15 March 2011

Book Review: This Secret Garden by Justin Cartwright

To quote Simon T. completely out of context: "Meh".

I bought this memoir of Oxford because, well, c'mon, it was about Oxford and because the edition could not be cuter. Plus I have read about 3 or 4 of the other titles in this "The Writer and the City" series. I had never heard of Justin "One of the finest novelists currently at work" Cartwright. He may indeed write amazing novels but after reading this somewhat tedious memoir I am not so sure. I wonder if one could interpret that quote from the Guardian quite literally by defining the word "currently" very narrowly as the exact second the quote was written. How the Guardian writer knew that Cartwright was working at that exact moment, I don't know.

I started off liking this memoir but then he seemed to go on about Oxford folk I had never heard of, which wouldn't necessarily be off-putting, but he didn't make it interesting enough for me to care. I think this might be a better read for someone who has studied at Oxford. He says next to nothing about the city of Oxford.

I have many other quibbles with this book, but I think the biggest problem happens when Cartwright goes on a bit about the Brideshead myth. I understand the reference to the wonderful Evelyn Waugh book but then Cartwright makes a fatal error. He refers to the fictional Lord Sebastian Flyte's teddy bear as "Algernon". Algernon?! Now anyone worth their salt knows that Sebastian's bear's name was Aloysius. I mean come on.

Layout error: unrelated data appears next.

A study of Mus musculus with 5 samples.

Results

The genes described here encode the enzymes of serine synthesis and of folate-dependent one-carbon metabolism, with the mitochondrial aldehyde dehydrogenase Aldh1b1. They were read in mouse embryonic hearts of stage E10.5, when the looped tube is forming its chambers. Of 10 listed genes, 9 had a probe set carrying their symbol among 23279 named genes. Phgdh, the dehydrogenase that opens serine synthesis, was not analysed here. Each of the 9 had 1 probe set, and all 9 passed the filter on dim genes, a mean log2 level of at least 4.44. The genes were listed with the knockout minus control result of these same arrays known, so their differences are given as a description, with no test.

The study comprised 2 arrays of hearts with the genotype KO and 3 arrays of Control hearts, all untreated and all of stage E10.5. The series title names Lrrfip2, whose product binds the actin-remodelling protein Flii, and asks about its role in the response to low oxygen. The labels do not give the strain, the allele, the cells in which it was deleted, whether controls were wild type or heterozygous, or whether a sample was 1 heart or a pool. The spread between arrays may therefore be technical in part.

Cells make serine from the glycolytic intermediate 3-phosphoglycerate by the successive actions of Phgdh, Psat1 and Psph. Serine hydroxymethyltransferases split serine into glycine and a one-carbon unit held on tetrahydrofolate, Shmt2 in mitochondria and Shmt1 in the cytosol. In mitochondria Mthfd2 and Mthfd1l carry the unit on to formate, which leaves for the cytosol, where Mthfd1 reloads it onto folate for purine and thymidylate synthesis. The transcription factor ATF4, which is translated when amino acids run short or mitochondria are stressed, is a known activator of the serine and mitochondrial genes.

Cartwright, game over.

One more thing, why the title This Secret Garden? I mean I understand why he would want to call it that, but he didn't think it sounded too much like another book? Was he hoping someone might confuse it with The Secret Garden?


  1. this sounds like a book for someone in the oxford know but brideshead bit sounds great I love brideshead the book and tv series ,all the best stu

  2. That is a pretty big gaffe. Well, at least he endpapers are pretty.

  3. I give you an LOL for today's post.

  4. I saw a similar mistake somewhere and it made me think the same thing...game over.

    It is a nice edition though.

  5. This made me curious to find out a little more. I ran across this review of one of Cartwright's novels, which should settle the matter of whether you want to try one of his books once and for all -- NYT review of Cartwright novel. "Its target audience seems to be the kind of people who don’t get out much;" "[It] isn’t the worst novel ever written" and so forth.

  6. Getting 'Aloysius' wrong is sacrilege! A good enough reason to never read the book.
    Also, the title of the book seemed a little cheesy.

  7. Lol. Thanks for the "warning" - this is the sort of subject matter that would normally interest me.

  8. I like my little quotation! I'm wondering when I said it... about Heart of Darkness, maybe?

    I could equally well have said it about This Secret Garden - my response being much the same as yours, when I reviewed it. I did enjoy a little interview with Clive Hurst, as he happens to be my boss, but aside from that... if I had to read Isaiah Berlin's name one more time, I'd have used the book to papier-mache over my mouth and nose.

  9. Stu: Definitely for Oxford insiders.

    Karen: I know. Where was the editor?

    Julia: I bet Mr. Cartwright wouldn't be happy with his memoir getting an LOL. :)

    Ti: Pretty book indeed. I will keep until death.

    Steve: High praise indeed. How funny.

    Farheen: Even though I have read the book probably ten times, I still went back and double checked to make sure that the name Aloysius was not a changed for the brilliant 1980s tv series.

    Susan: Same here. Just came up short.

    Simon: You wrote it about Human Voices in relation to other Fitzgerald. It had its moments but overall a bit of a snoozer.

  10. Simon: That second sentence was about the Cartwright not the Fitzgerald.